For centuries, the South China Sea has remained one of the biggest challenges for most Asian countries. The complex nature of the dispute requires efforts from all related countries to contribute in order to maintain peace and security in the region. Diplomats, military leaders, and government decision-makers have their own roles and contribution to securing a peaceful region. Legal scholars, however, also have a strategic yet important role in contributing to the peaceful region.
Currently, there is a lot of academic discourse on international law and geopolitics in the South China Sea, published by Western and Asian scholars in many academic journals and books. Can ideas and opinions from scholars really influence the discourse on the South China Sea?
In May 2018 the Chinese Society of International law published an extraordinary 500 page “Critical Study” of South China Sea Awards in the Chinese Journal of International Law, Oxford University Press. The Critical Study examines the Awards on jurisdiction and the merits in the South China Sea Arbitration between the Philippines and China from the Chinese interest perspective.
The critical studies were jointly created by a group that consists of 70 Chinese scholars under the auspices of the Chinese Society of International Law. Even though most of the arguments in the critical studies are not new and tend to reiterate the Chinese government position regarding the dispute, this Chinese scholar effort shows a positive contribution to the dynamic scholarly debate on these sensitive issues.
Anthea Roberts in her latest book “Is International Law International?” points out that currently, the Chinese Government gives a huge number of research funding to Chinese scholars to develop research and publications on the law of the sea. These funds are expected to increase the number of articles submitted to major English language journals. We would expect that the articles will mostly support the current Chinese government position.
Observing how China is taking scholars’ arguments on the dispute seriously, there are at least three positions on how scholarly arguments on the dispute might be significant.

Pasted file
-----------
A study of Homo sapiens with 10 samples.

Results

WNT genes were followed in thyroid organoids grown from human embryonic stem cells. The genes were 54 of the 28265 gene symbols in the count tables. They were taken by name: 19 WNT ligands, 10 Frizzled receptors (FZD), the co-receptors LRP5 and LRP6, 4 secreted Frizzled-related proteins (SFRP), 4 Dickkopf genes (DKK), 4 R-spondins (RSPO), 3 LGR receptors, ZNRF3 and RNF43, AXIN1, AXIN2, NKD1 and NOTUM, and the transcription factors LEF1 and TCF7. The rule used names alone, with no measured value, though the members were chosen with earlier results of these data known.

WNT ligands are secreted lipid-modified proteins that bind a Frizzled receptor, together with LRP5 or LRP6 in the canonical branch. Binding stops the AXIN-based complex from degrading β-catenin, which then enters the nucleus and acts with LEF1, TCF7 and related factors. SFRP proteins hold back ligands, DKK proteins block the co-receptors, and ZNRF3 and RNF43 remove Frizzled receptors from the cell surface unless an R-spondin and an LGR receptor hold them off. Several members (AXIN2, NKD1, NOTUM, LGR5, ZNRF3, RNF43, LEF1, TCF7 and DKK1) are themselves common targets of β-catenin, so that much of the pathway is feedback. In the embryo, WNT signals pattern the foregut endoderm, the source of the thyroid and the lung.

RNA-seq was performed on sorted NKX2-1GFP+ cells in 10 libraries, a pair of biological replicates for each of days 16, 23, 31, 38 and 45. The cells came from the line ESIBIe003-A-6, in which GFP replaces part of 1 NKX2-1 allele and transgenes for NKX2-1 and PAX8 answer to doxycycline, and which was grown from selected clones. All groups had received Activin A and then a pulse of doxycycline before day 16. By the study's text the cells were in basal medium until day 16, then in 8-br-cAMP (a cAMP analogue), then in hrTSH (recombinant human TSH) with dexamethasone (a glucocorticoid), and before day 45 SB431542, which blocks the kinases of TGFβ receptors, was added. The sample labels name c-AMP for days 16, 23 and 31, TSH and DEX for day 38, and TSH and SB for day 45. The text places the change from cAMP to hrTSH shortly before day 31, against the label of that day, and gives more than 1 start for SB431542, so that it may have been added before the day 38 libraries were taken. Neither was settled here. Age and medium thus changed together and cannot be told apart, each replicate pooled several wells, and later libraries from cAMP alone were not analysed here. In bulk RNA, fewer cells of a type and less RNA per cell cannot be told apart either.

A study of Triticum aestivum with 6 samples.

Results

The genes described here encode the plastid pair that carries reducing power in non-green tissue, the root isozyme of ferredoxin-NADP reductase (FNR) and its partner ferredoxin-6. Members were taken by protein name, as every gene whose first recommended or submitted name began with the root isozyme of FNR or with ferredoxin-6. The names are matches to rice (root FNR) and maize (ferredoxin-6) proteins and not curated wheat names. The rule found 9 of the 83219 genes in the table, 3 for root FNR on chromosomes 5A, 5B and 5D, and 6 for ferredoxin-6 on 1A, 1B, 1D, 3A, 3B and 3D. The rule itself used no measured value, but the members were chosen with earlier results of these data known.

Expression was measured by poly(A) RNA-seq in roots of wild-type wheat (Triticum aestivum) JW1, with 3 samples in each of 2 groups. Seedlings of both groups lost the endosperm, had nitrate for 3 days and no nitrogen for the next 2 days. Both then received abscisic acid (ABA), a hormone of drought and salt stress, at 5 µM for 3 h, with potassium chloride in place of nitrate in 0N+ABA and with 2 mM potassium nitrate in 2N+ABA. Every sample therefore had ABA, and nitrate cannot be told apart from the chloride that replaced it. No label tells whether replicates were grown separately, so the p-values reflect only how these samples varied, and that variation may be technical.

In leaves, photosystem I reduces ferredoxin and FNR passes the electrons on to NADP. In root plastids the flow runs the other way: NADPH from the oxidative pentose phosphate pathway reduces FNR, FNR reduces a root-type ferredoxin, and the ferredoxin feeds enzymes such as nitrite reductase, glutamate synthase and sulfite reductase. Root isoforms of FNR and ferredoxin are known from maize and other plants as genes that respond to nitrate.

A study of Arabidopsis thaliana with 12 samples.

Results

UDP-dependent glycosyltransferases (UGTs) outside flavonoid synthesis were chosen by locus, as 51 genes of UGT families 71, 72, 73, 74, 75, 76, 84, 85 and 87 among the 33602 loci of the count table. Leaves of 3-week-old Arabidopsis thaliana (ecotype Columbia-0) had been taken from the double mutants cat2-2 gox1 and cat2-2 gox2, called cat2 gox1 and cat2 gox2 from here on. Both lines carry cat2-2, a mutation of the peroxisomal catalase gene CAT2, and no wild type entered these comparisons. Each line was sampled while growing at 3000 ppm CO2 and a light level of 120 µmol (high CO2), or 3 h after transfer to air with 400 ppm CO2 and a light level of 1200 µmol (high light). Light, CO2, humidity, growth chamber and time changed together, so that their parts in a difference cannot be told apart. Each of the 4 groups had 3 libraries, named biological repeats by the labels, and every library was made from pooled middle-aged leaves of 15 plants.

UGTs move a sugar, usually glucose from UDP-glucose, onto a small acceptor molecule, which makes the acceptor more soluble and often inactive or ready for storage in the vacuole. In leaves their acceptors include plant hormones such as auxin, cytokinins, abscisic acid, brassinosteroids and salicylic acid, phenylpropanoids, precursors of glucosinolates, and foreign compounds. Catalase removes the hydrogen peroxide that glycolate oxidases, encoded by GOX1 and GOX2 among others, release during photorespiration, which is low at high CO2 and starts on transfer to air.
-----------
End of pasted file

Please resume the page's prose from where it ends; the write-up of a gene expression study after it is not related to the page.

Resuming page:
First scholars and academics tend to be less rigid, therefore the ongoing discussion will be more fluid and dynamic. In a more formal diplomatic discussion however, sometimes country positions are stricter.
Second, the discourse among academics will be more objective and less political in terms of discussing the legal substance. However, it might not be the case for China. Academics in China presumably have less freedom and many Chinese scholars form arguments that support the government policy. In most of the other parties to the dispute, academic freedom is very much important.
Third, with the involvement of academics in the negotiation and second track process, articles published in journals, books, or even an Op-Ed article will give a broader knowledge to the public.
However, the main weakness of scholar’s works is that they can’t make binding decisions on formal policy in regards to the issues. There are two main ways that scholars can maximize their role in settling the South China Sea dispute.
The first is to advise the government and policymakers about the substantial legal discourse of the conflict before the government’s negotiation makes any policy conclusions. Second, scholars should disseminate the Award of the Permanent Court of Arbitration decision so that the public could understand it broadly.
There is nothing wrong with academics giving arguments that advance government policy. In more practical contributions, for example in the United States, it is very common that academic lawyers serve in government posts in high-ranking positions.
Considering the possible significant contribution from the academic communities in regards to the South China Sea dispute, there should be more effort from legal scholars in helping to find the best solution for the conflict in order to manage peace and security in the region. Through more scholarly publications in international scholarly journals, policy recommendations, and academic seminars, legal scholars could establish second track diplomacy that could promote and manage the conflict more peacefully.